Wisconsin to Consider Dog Breeder Legislation
Companion bills would create standards for commercial dog breeders and protect buyers with a puppy “warranty.”
Posted: November 15, 2007, 5 a.m. EST
Companion bills were introduced in Wisconsin’s assembly and senate in early November that would require licensure for commercial dog breeders and provide protection to purchasers of dogs “unfit for sale.”
The legislation defines “unfit for sale” as a dog that has a congenital or hereditary condition that severely affects the health of the dog or having an injury, defect or illness that was obvious or able to be diagnosed before the purchaser received the dog from the seller or that is likely to have been acquired before the buyer received the dog.
The legislation also requires dog sellers to provide the purchaser with a written description of vaccinations and parasite treatments that the dog has received and prohibits retailers from knowingly buying dogs from unlicensed commercial dog breeders. Under the legislation, retailers are not expected to make any effort to determine whether a breeder is a commercial dog breeder and, if so, whether the breeder is licensed.
As crafted, the legislation defines a commercial dog breeder as anyone engaged in the breeding of dogs who offers more than 60 dogs for sale in a year or who has at least eight breeding female dogs.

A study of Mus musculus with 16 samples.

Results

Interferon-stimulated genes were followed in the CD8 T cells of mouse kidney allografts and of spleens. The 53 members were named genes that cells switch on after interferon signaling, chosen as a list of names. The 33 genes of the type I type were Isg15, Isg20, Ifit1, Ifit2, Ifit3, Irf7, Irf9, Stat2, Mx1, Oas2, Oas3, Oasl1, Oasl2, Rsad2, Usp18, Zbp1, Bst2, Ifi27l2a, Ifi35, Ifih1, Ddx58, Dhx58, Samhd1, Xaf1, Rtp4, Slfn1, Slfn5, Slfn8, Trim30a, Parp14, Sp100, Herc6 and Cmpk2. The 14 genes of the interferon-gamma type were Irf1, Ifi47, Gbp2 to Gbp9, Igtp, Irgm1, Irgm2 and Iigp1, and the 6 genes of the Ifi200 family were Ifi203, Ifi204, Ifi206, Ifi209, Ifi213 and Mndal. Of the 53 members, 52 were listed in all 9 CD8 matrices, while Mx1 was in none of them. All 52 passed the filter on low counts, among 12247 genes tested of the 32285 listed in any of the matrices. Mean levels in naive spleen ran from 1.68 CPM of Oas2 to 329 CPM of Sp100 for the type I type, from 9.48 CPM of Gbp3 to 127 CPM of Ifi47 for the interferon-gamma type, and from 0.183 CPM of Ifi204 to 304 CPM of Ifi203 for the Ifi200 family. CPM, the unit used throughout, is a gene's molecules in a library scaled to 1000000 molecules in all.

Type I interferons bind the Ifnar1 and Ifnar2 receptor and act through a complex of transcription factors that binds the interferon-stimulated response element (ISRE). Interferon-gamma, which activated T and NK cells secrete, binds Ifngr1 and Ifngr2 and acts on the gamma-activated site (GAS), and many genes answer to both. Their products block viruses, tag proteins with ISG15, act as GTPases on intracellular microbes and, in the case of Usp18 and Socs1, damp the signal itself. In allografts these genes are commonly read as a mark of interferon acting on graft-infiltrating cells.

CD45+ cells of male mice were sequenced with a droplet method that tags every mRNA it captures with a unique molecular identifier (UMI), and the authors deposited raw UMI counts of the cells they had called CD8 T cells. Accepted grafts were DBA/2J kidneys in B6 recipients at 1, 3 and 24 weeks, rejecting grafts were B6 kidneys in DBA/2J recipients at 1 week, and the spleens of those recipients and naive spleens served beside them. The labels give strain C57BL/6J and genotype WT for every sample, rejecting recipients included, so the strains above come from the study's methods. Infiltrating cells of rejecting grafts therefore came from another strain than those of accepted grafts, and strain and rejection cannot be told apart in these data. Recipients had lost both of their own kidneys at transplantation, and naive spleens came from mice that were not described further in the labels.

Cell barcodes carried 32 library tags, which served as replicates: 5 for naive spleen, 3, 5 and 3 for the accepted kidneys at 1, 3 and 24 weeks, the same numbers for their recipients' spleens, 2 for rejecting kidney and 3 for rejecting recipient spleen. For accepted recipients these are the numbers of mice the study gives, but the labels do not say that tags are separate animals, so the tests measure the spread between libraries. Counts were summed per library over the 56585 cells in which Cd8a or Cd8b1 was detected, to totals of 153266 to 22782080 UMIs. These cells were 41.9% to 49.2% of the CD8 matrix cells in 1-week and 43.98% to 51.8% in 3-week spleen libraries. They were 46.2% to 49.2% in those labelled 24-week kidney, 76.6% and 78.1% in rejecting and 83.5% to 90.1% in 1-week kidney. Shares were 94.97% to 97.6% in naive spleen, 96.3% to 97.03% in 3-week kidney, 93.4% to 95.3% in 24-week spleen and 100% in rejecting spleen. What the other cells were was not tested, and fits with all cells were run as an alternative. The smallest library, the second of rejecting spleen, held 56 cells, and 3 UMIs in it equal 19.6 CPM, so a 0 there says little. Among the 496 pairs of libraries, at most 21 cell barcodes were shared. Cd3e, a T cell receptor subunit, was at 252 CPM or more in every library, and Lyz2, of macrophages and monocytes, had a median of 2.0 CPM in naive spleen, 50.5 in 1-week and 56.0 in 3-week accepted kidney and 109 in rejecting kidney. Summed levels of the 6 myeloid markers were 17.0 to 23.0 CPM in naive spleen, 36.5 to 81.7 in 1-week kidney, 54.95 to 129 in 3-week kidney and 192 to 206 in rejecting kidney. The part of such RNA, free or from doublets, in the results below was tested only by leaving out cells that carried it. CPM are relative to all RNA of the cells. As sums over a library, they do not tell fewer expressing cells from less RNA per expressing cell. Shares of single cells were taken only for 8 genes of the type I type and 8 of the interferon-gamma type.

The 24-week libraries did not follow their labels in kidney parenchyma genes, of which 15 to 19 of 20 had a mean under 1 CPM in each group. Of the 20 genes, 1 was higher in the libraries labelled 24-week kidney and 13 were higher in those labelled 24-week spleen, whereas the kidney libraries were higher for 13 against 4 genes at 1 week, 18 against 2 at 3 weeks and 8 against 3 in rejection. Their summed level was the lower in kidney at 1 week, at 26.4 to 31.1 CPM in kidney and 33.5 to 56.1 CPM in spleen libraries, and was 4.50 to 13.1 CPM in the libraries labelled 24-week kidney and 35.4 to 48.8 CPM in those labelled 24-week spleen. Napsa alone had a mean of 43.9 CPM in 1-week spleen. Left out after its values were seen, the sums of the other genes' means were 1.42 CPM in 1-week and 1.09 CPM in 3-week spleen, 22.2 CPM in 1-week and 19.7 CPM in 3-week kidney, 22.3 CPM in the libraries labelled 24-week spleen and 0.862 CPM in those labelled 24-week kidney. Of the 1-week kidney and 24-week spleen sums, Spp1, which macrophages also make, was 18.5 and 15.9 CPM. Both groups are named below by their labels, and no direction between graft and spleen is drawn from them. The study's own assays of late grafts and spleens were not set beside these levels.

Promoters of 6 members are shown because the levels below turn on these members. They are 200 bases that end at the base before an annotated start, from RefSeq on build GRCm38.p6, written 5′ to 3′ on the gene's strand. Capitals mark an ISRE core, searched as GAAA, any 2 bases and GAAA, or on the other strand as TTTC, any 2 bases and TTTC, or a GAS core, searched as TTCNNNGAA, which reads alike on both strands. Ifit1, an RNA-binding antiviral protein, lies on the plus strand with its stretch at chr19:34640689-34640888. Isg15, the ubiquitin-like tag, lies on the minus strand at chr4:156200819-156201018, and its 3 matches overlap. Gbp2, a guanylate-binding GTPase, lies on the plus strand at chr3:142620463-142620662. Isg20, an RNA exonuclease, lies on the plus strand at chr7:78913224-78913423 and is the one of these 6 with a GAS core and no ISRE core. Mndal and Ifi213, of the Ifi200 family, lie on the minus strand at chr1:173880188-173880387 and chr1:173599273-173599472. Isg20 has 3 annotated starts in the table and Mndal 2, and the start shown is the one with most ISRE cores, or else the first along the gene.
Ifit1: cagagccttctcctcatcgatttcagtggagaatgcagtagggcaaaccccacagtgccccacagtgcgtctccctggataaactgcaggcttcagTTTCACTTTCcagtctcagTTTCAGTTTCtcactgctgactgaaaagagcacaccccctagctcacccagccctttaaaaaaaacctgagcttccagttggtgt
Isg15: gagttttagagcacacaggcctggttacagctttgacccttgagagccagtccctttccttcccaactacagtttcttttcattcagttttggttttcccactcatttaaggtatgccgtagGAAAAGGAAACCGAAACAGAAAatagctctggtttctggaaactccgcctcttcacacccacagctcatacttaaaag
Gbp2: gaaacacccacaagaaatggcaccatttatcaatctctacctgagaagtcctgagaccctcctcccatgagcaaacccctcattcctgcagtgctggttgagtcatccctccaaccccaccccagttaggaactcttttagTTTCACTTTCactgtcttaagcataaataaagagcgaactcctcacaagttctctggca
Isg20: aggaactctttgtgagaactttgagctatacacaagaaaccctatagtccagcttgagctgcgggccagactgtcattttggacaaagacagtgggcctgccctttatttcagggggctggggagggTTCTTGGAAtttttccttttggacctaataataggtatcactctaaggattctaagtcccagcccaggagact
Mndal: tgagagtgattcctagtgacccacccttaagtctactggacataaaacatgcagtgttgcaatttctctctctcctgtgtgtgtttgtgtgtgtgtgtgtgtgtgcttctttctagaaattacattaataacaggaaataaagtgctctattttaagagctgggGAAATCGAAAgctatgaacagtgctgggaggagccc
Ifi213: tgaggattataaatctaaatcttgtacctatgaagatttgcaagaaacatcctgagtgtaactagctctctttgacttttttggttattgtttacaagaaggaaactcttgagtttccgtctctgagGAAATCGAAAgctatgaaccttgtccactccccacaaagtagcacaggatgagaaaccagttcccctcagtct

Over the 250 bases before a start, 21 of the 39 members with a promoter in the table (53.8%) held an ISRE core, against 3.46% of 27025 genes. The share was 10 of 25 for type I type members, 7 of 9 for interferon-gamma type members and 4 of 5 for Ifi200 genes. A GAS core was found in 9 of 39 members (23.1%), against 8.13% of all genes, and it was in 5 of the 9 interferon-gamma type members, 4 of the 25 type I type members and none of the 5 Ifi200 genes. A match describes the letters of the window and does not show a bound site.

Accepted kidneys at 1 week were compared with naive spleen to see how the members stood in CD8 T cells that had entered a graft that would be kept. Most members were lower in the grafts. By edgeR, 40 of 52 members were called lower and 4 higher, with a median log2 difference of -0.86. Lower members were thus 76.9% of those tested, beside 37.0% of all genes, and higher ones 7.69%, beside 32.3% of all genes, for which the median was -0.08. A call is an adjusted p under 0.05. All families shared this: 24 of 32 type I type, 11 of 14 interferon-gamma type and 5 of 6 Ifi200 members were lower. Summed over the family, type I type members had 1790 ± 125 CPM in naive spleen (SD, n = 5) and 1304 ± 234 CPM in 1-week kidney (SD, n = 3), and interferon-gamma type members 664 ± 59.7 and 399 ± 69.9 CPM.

The legislation would also require the state’s Department of Agriculture, Trade and Consumer Protection to create a set of standards for commercial dog breeders that includes minimum standards for facilities, specific standards for humane care, rules for transporting dogs, and a minimum age for the sale of puppies.
The proposed consumer protections, which apply to dogs sold directly by commercial breeders or dogs under 18 months of age sold by anyone else, includes a puppy warranty. The warranty allows consumers to obtain a refund of the purchase price and reimbursement of veterinary bills for up to twice the purchase price (including sales tax) for dogs that die or shows signs of illness or defects from preexisting conditions within two weeks of the purchase.
Moreover, the legislation would make any person knowingly selling a dog “unfit for sale” subject to escalating penalties ranging from a maximum fine of $3,000 for the first offense to a maximum fine of $10,000 and 90 days imprisonment for a second offense occurring within a year of a prior offense.
The bill would also make dog breeders liable to retailers for any such “unfit for sale” dogs sold by the breeder to the retailer.